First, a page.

Everything You Need to Know About Sneaker Factory Strikes

How factory strikes affect sneakerheads.


by Jennifer Ernst Beaudry

It’s a contentious time in the shoe world.

Last month, thousands of workers at the Pou Yuen factory in Vietnam struck to protest changes in the country’s social insurance law. Late in March, 4,000 to 5,000 workers in a Chinese factory owned by the same parent company went on strike in response to planned production changes. The work stoppages were both relatively brief, and a spokesman for the company confirmed that operations have since returned to normal. But both strikes come just shy of a year from when tens of thousands of workers at parent company Yue Yuen struck for 10 days in a dispute over insurance and benefit payments. 

These labor disputes happen at any time and can have a deep impact on people back in the states too. Here’s everything you need to know about sneaker factory strikes.

They affect EVERY major brand.


The strikes didn’t result in any hiccups in getting product on shelves here in the U.S. But when you look at the players involved, it’s no small matter. Yue Yuen, the parent company of all the striking factories, is the largest athletic shoe manufacturer in the world, making shoes for basically every major brand athletic brand — including Nike, Adidas, Under Armour, New Balance, Asics, Puma and Converse. It operates factories in China, Vietnam, Indonesia and Mexico, and last year, the company produced a staggering 307.1 million pairs of shoes. That’s a huge percentage of the total market, and disruptions to the manufacturing at Yue Yuen has the potential to affect production on a global basis for almost every major firm. 

The impact on Americans isn’t as bad as you think.


The good news is that the impact to the U.S. sneaker market — and especially the high-end, performance and limited-edition retros — is minimal. The most recent strikes weren’t at factories that Nike or Converse source from, per a Nike spokesman. An adidas spokeswoman said the company did manufacture at the factory in question in Vietnam and it was “monitoring” the situation, but as of now, hasn’t reported any anticipated effects.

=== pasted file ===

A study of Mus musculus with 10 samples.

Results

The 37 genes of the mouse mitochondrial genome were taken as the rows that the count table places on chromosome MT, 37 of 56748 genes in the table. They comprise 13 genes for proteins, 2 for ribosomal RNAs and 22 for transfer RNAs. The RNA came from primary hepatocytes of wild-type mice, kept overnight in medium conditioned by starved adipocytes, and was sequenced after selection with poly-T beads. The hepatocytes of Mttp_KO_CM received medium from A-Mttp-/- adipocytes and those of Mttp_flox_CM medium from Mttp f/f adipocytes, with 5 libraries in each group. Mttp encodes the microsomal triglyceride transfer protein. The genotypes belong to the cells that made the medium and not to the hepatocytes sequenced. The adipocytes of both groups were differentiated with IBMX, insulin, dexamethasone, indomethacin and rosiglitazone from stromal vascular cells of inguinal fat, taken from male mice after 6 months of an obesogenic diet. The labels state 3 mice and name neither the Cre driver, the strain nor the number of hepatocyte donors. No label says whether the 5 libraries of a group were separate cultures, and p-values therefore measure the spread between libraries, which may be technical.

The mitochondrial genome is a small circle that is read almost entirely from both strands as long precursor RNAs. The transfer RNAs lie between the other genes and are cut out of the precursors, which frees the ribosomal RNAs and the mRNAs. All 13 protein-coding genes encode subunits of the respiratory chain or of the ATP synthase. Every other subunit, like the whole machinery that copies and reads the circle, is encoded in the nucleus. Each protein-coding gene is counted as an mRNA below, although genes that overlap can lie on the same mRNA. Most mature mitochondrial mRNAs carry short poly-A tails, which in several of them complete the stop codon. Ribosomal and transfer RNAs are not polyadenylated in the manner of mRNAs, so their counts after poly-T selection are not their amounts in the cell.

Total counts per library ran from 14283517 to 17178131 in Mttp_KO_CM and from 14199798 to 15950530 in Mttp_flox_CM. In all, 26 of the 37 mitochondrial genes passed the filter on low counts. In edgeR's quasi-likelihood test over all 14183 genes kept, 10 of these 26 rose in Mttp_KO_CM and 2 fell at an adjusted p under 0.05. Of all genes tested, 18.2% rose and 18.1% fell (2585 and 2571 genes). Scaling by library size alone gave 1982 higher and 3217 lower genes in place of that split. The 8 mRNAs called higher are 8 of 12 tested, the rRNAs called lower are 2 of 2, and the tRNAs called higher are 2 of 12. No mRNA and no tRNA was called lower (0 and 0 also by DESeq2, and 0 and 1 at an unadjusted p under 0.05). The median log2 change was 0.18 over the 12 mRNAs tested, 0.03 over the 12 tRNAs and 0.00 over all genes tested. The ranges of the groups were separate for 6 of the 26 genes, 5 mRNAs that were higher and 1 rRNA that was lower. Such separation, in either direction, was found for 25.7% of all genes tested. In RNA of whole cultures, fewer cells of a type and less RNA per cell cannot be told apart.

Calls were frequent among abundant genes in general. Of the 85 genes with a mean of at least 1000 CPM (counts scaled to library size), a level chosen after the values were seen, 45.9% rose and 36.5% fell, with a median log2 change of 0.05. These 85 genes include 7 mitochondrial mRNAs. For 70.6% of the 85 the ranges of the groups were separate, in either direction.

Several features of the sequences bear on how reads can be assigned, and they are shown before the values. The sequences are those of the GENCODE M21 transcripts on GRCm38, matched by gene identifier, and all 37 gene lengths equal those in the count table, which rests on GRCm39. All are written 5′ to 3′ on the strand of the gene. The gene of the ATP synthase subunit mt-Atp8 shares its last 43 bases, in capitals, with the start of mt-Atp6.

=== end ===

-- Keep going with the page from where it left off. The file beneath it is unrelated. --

You should be more worried about port strikes than factory strikes.


A multi-month work slowdown and strike by longshore workers at West Coast ports was resolved with a new contract in February — but the effect on the U.S. economy was dramatic. Matt Priest, president of the Footwear Distributors and Retailers of America, said the U.S. imports 2.3 billion pairs of shoes in any given year, and 67 percent of those pairs flow through the Ports of Los Angeles and Long Beach in California. Almost every footwear company in the U.S. saw a negative impact — bigger players (like Nike and adidas) ramped up spending to fly product from their factories overseas, which can cost more than five times as much per pair. Smaller companies saw their very existence threatened: with product delayed up to months. 

Strikes in Vietnam won't impact you as much as strikes in China.


Strikes in Vietnam are unlikely to affect sneakerheads, since Nike’s “best, most technical” product is still made in China. And even if strikes keep happening, he says he doesn’t think it’s likely that the limited-edition styles people are jonesing to get their hands on will be affected. And as brands like Nike, Jordan and adidas push for faster and faster product drops and even more customized products, they’ll be looking to diversify their manufacturing, which theoretically gives any one factory, striking or not, less overall impact. But make no mistake: there are a finite number of factories currently capable of producing technical, high-end sneakers, even at a time when the brands are putting a premium on new and innovative technologies. And while brands, factory owners and retailers are all highly committed to ensuring a smooth flow of product, there are things to consider.

There could be more strikes ahead.


China is undergoing a well-documented revolution in its manufacturing market, as more mechanized manufacturing, the push for even more product more often mentioned above, rising labor costs, and competition for workers from other sectors like electronics all make waves. And as factories and brands look to other countries like Vietnam, Indonesia, Brazil, India and others as potential places to create shoes, there’s an international relations element, too. Priest called it, “a percolating brew of uncertainty.” And even at the West Coast ports, while the labor issue is settled (for now), Priest highlights what other reporting has made clear: there are serious infrastructure limitations that as a country we’re going to need to confront as our imports continue or increase. The main takeaway? It’s a safe bet that we haven’t seen the last of the disputes.